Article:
In David Cameron’s final speech as Prime Minister, he attempted to set out what he would like to be remembered for — focussing on progressive social change over the Brexit result. Tonight it was George Osborne’s turn. Speaking at the annual Margaret Thatcher lecture for the Centre for Policy Studies, Osborne found himself giving a speech he had expected to give as Chancellor of the Exchequer.
Now on the backbenches — ‘more ex than chequer’ — Osborne used the address to defend his record in government and point to his efforts to build a fairer society. Despite his recent sacking from the Cabinet by Theresa May, Osborne said he had no regrets when it came to his role in the referendum. In reference to his doomsday warnings and punishment budgets, he conceded that he didn’t do it ‘by half-measures’ — adding that he stood by his concerns:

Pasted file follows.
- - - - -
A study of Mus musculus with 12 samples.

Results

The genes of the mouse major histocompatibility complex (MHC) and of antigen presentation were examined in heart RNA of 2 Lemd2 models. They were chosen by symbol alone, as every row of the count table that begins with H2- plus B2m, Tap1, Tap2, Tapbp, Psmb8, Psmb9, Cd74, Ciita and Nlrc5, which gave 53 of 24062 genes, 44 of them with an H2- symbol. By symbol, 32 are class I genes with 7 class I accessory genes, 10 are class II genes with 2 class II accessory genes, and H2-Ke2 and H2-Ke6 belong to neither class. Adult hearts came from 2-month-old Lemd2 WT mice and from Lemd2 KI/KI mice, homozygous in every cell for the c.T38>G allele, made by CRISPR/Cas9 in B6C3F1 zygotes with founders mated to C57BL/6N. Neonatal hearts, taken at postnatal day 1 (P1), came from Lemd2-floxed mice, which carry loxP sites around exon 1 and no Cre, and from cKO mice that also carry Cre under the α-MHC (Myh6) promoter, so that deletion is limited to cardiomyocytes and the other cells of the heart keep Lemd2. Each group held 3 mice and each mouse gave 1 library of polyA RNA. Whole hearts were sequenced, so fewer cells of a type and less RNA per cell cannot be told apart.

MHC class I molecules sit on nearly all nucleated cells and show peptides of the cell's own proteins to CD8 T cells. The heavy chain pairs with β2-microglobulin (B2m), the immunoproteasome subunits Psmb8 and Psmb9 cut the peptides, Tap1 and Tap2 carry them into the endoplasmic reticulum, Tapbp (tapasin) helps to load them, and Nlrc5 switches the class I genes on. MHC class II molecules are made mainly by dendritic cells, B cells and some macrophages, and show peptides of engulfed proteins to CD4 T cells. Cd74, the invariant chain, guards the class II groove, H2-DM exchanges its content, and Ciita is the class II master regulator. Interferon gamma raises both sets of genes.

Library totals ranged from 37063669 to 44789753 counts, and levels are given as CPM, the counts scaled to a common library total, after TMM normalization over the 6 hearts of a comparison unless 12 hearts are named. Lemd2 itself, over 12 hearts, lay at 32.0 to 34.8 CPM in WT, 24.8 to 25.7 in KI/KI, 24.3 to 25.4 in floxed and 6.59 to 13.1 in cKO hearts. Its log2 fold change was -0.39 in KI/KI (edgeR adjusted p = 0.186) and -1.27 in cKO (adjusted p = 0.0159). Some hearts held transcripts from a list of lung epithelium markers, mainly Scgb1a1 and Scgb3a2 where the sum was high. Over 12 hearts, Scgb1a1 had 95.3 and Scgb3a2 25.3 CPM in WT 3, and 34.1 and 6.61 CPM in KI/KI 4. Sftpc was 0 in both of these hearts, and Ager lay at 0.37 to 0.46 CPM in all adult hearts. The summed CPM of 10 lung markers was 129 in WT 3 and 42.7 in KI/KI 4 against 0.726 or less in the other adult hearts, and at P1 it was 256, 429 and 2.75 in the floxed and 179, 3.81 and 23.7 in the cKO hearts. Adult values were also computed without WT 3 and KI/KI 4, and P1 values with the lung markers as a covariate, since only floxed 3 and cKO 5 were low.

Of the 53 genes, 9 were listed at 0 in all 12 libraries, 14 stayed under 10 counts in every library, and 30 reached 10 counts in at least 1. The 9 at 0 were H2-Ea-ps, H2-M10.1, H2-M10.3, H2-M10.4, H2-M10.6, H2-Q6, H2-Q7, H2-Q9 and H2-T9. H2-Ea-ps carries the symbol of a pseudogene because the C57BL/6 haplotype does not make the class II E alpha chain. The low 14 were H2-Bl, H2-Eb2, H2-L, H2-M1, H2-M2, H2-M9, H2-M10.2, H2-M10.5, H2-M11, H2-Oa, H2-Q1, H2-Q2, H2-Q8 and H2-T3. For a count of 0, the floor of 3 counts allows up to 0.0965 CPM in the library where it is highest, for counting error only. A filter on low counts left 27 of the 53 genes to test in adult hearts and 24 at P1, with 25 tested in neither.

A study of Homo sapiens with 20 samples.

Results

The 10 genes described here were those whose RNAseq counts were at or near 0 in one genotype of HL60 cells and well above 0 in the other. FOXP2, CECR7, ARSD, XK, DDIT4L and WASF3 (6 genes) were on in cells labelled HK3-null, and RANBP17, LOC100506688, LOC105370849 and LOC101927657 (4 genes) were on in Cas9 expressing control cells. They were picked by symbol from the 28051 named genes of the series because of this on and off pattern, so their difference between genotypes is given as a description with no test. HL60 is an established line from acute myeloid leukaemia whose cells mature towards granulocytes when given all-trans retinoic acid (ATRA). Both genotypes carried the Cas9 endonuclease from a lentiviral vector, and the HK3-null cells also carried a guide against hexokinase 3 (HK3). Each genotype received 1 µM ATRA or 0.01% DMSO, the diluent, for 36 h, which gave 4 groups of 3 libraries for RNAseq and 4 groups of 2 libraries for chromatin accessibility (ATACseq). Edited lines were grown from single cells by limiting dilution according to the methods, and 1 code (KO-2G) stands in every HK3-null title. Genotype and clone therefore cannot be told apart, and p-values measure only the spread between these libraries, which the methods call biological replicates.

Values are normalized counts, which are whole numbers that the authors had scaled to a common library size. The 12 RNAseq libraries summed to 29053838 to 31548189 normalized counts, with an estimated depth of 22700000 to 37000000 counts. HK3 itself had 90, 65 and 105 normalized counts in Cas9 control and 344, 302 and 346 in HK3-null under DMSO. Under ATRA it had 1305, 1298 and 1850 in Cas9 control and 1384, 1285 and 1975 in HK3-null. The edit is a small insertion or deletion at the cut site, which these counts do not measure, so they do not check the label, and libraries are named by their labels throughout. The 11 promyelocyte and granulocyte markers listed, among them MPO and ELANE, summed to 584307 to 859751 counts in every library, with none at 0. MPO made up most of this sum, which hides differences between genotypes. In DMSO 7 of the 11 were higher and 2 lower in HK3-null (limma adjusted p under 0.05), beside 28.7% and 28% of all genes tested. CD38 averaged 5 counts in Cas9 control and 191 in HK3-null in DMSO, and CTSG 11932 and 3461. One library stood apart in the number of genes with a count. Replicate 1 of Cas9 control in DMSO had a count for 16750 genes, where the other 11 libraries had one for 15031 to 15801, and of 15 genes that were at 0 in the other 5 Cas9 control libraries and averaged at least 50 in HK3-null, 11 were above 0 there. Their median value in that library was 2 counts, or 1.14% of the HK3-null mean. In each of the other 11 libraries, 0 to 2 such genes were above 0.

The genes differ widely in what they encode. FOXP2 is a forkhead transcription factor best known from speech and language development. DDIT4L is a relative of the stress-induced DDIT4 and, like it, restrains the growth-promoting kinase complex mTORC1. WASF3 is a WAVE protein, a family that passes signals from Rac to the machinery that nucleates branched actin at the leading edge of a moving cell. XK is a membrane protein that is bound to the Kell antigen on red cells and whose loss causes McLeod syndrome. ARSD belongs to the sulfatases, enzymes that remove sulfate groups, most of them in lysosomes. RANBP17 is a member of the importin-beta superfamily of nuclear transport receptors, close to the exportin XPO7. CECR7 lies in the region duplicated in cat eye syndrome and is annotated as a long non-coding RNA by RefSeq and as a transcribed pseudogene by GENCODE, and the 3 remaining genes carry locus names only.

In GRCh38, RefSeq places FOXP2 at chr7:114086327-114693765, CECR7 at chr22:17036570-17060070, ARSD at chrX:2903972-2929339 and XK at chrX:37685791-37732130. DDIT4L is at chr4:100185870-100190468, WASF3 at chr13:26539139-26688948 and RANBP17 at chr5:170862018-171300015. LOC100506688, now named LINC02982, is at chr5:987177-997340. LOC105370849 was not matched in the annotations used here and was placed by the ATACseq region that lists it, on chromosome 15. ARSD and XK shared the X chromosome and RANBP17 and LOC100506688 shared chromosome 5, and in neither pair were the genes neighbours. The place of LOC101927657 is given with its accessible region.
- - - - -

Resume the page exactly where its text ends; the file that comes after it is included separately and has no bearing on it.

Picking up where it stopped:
‘I fought hard – as hard as I could – for a different outcome to the referendum we have just held on our membership of the EU. I didn’t do it by half-measures; I couldn’t on an issue like that.
I put everything on the line, and don’t regret for a moment that I did. But while I don’t resile from any of the concerns that I expressed in advance of that vote; nor do I intend to re-run the arguments now the vote has passed.’
However, Osborne was conciliatory in tone when it came to the new government, stressing that May had his full backing. As for his successor Philip Hammond? Osborne offered high praise indeed, citing Hammond as the best choice for the role — after him, natch; ‘there is literally no one I would rather see in Number Eleven after me than Philip’.
There was a hint, too, that Osborne might not be the obedient backbench MP he claims. While he accepted that many of the issues he championed were now for new ministers to pursue, Osborne vowed to ‘remain passionately committed to the Northern Powerhouse’.